As rowdy protesters overwhelm town hall meetings nationwide, South Carolina Rep. Jeff Duncan has decided to connect with his constituents differently – on social media, delivering lengthy posts on Facebook and engaging in debates on Twitter nearly every day.
“I find it invaluable,” Duncan told McClatchy. “And the reason why is that we can hold a virtual town hall multiple times during the day, letting people know what’s going on real time in Washington, getting their comments and providing feedback answers to their questions on what’s going on throughout the day.”
Duncan, one of the most aggressive Twitter and Facebook users in South Carolina’s congressional delegation, said these “virtual town halls” put him in touch with his district more often than traditional means of constituent outreach. These work in addition to town halls to effectively reach constituents when his busy schedule won’t allow for face-to-face interaction, he said.
“You can’t do that if you’ve gotta wait to go home and stand in front of the district or wait on feedback of people calling in the office to ask what’s going on,” Duncan said. “We can actually push the narrative. We can drive the narrative, and do it multiple times.”
Duncan considers Facebook cathartic, using it to deliver hot takes on everything from Jeff Sessions’ meeting with a Russian diplomat to the GOP’s recent health care proposal and President Donald Trump’s wiretapping allegations against former President Barack Obama.
Duncan wrote a lengthy post Thursday about Trump’s revised travel ban on people from some predominantly Muslim countries, criticizing the decision of U.S. District Judge Derrick Watson to halt it.
“These rulings out of Hawaii and Maryland are the embodiment of liberal judicial activism at their worst . . . ,” Duncan began the Facebook post. “When Judge Watson cites political rhetoric in his decision, not the statute or the law, this is judicial activism at its very worst. It’s tyranny from the bench, or ‘black-robed tyranny’ as conservative pundits have called it in years past.”
In one popular post on March 1, the day after Trump gave his first congressional address, Duncan said he was “disturbed” about Democratic congressional members refusing to clap for Trump.
“President Trump’s speech was filled with a lot of pro-American rhetoric. His best line was about not being elected to represent the world – he was elected to represent America,” Duncan wrote. “Seems we will finally focus on putting America and American interests first. But the Democrats in Congress wouldn’t even stand for America. I imagine that they would have emulated Colin Kaepernick had the National Anthem been struck up at that moment – based on how they were reacting.”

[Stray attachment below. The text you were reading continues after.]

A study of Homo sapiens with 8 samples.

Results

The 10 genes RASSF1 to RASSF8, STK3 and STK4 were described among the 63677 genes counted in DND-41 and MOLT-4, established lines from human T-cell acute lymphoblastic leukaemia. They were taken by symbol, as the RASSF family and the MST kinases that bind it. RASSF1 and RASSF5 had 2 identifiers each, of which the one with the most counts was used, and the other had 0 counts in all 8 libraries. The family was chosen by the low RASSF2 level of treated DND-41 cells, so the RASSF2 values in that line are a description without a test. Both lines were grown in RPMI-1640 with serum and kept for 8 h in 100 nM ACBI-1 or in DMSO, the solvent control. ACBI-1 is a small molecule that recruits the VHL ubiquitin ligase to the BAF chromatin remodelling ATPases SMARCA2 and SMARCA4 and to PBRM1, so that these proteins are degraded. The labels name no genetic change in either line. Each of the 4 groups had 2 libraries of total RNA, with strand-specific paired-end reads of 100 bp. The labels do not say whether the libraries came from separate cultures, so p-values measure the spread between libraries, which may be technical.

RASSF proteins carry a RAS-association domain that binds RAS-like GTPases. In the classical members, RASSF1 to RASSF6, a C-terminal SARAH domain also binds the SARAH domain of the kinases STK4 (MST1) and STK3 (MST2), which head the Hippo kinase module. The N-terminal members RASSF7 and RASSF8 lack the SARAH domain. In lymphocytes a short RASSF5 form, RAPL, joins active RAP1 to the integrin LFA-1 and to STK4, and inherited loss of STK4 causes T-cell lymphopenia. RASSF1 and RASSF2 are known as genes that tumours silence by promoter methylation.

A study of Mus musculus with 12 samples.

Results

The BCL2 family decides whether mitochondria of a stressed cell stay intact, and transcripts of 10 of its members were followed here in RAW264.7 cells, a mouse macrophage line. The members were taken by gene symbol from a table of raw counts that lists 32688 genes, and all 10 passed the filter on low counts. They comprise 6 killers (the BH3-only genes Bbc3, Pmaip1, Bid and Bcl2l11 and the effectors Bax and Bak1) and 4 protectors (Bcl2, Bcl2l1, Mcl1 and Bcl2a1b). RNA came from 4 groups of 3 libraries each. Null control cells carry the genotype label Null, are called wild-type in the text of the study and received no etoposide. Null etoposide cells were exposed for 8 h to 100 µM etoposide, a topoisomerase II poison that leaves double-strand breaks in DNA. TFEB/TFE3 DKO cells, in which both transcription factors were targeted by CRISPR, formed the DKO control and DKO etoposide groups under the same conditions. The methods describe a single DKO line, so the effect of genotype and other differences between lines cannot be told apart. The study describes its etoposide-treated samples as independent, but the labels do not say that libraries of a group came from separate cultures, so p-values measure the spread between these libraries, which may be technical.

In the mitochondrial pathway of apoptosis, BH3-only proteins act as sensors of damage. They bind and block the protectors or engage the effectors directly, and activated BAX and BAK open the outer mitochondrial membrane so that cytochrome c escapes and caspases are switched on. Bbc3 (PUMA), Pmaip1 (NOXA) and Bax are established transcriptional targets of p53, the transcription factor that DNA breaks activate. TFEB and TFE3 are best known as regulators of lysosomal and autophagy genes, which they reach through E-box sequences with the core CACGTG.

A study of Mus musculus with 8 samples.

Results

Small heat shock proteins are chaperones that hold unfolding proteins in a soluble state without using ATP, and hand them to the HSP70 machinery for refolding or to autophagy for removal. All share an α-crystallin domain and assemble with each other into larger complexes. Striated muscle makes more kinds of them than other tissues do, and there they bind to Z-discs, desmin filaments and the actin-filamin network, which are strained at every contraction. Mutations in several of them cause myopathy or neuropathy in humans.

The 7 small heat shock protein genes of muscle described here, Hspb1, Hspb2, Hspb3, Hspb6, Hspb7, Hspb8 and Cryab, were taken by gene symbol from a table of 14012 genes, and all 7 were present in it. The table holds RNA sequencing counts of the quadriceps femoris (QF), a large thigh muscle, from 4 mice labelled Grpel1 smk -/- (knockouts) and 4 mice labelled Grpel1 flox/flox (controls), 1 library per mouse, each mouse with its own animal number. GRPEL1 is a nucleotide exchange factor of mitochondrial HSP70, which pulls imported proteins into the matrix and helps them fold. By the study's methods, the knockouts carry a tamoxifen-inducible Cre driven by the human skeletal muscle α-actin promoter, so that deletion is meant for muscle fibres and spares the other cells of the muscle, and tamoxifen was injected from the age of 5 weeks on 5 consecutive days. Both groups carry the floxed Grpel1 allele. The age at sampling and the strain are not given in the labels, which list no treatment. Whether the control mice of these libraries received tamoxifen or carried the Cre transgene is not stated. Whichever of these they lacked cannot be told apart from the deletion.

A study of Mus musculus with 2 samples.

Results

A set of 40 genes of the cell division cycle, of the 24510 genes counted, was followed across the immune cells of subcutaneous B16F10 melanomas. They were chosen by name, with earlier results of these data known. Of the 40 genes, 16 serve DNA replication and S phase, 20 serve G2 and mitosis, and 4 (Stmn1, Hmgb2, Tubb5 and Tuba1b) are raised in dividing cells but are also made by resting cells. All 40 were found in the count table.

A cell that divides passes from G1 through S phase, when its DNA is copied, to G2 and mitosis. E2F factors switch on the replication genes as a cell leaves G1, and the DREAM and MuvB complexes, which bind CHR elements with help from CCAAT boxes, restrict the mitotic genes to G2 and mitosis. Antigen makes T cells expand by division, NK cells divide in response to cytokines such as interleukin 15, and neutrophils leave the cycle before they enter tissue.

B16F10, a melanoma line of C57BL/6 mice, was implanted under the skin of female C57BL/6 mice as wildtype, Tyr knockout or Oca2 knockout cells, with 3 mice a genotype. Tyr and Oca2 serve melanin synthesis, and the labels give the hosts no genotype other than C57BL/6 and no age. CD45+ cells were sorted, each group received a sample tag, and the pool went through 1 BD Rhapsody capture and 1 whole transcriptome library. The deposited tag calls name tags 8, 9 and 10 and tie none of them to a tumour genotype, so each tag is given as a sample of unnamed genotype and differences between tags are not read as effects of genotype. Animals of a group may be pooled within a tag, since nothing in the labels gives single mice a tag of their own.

“It seems that Democrats are more worried about putting men in our daughters’ bathrooms than they are about putting Americans back to work.”
This post, like all his others, drew hundreds of comments, ranging from reverence to insult.
“If some are just factually wrong, we’ll point that out, which we did on Twitter this week,” Duncan said of the nastiest comments. “On Facebook, we know who the regulars are and sometimes we’ll engage, sometimes we’ll not. But it’s mainly on correcting . . . misinformation if they’re trying to push a narrative that’s just 180 degrees from the truth. But we’re not going to get into a debate with trolls on Facebook or Twitter.”
Duncan also takes on his critics on Twitter. On Tuesday, he invited Democratic New York Sen. Kirsten Gillibrand to a gun range after she went on a tweet storm condemning his Hearing Protection Act, which would make gun silencers more easily accessible.
Duncan said he personally directed social media operations for his campaign with the assistance of two staffers. He writes a majority of the posts on Facebook, he said, while most of his actions on Twitter are handled by his assistants, using condensed versions of his Facebook statements.
He occasionally conducts impromptu polls and debates on Facebook to gauge his district’s concerns. He uses the comments to determine whether more public engagement is needed on legislative topics.
David Woodard, a political science professor at Clemson University, said Duncan’s strategy was typical of the modern politician.
“If you think about it, you used to have to sit down and write a letter to Congress, but of course that took some time and poise and the congressman would have to write them back,” Woodard said. “Now I think you can just pop up an email or respond to something they see real quickly. I think it’s the way more and more of them are going to operate.”
The effectiveness of this strategy largely depends on the topics politicians choose to engage in, Woodard said. However, he added that asking people in Duncan’s congressional district about Obamacare “is like giving candy to a baby.”